Economist Romina Boccia Talks Wage Gap at Catholic U

Courtesy of Boccia’s Twitter profile

By Eva Lynch

Romina Boccia, leading economist at the Heritage Foundation and director of the Grover M. Hermann Center for the Federal Budget, came to campus to speak to students about the validity of the wage gap at an event entitled, “Do Women Really Make Less Than Men?” This event took place on January 28 in a Pryzbyla Center conference room.Boccia’s work at the Heritage Foundation encompasses a wide variety of salient economic issues in the United States, including the pursuit of economic freedom, control of the government’s size and scope, and Social Security reform. She has spoken around the world, including in Sweden and Japan. Further, she has advised congressmen and testified before the House and Senate congressional committees.

This event was put on by Network of Enlightened Women, or NeW, a new student organization on campus dedicated to educating young women on conservative principles and providing opportunities through which to discuss these principles, according to the Nest. Organizers of the event reported over 50 attendees who enjoyed Georgetown Cupcake and an enlightening lecture. 

Boccia began her presentation by sharing her own story of the American Dream as a German immigrant, having just become an official U.S. citizen last August. Boccia said her own experience with the American Dream, combined with the immense responsibility she feels to identify and eliminate potential barriers to anyone’s American Dream, prompted her research into heavily contested economic issue. 

Boccia then prompted the audience to think if the American Dream is actually achievable in our society, or if we are stuck in a stark dichotomous hole. She stated that people can either realize their full potential, be rewarded for hard work and taking risks, and live their own version of the American Dream. The other option is to live in constant systematic discrimination against women and other minorities. Boccia says our economic decisions determine our fate.

As she shifted to focus on the main topic of her presentation, Boccia was sure to define the wage gap as simply how much women make compared to men. But, Boccia said, this gap cannot be measured how it is currently being so. As of now, the “median weekly earnings” of women are divided by those of men, and the resulting number is the raw wage gap. The most recent statistic proposes women make 82 cents on the dollar, compared to men.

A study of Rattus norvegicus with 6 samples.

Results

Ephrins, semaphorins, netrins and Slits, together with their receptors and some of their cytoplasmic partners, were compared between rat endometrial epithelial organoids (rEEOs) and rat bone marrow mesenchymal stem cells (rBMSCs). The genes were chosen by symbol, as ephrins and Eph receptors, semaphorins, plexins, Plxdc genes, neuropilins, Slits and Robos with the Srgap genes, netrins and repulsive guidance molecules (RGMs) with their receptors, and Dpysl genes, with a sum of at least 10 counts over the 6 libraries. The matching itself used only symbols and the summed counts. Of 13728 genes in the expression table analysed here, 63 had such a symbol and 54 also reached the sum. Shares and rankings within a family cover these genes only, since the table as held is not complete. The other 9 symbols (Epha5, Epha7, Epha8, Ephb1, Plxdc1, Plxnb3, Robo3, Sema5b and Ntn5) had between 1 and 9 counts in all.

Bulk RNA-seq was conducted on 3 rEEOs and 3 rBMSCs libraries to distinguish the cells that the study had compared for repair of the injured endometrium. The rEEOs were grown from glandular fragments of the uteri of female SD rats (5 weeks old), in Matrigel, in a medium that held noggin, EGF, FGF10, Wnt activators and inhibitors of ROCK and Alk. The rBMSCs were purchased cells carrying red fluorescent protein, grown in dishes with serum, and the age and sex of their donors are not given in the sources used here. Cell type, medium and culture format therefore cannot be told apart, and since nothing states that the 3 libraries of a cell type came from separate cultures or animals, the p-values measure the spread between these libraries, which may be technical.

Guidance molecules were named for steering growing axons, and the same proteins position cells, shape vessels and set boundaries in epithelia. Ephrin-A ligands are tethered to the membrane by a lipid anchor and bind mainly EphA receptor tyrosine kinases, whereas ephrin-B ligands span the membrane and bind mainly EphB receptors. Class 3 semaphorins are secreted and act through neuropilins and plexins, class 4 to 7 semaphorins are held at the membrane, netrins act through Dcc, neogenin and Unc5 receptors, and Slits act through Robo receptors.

But, Boccia pointed out, those who are only looking at this raw number do not take into consideration a number of factors which skew what actually goes into a salary, and, Boccia says, when we account for these factors, the wage gap “all but disappears.” Some of these mitigating factors include choice of industry, parenthood or marital status, education, and tenure. 

She also said that when hours worked are taken into account, half the wage gap is explained. She cited studies which show that there is a difference between women, especially women with children, and everyone else in hours worked because mothers are more likely to choose getting home to their children over working overtime for a little extra on the paycheck. According to Boccia’s statistics, 70% of working moms reported that a flexible schedule is important to them, and working dads were more likely to report that a career and a job that gives them status were more important. 

Then Boccia shifted to an even bigger question: is this an issue that we as a society need to address? This question breeds others: can we address if it is primarily driven by the choices people make? Will we allow people to live their own American Dream or will we victimize them because the result of these choices is a perceived inequality?

Boccia also noted the tendency to overlook other areas where women are not just meeting but surpassing men, such as women now earning more degrees than men. 

Boccia closed by pleading with her audience to forgo worrying about the wage gap and shift focus to areas of the world where women experience more brutal inequalities.

Overall, Boccia offered an economist’s perspective on the traditional conservative talking points regarding the issue of the wage gap between men and women. Her presentation exposed the possible misnomer of the “wage gap” but proved that its existence lies in unconsidered factors which contribute to the determination of one’s salary.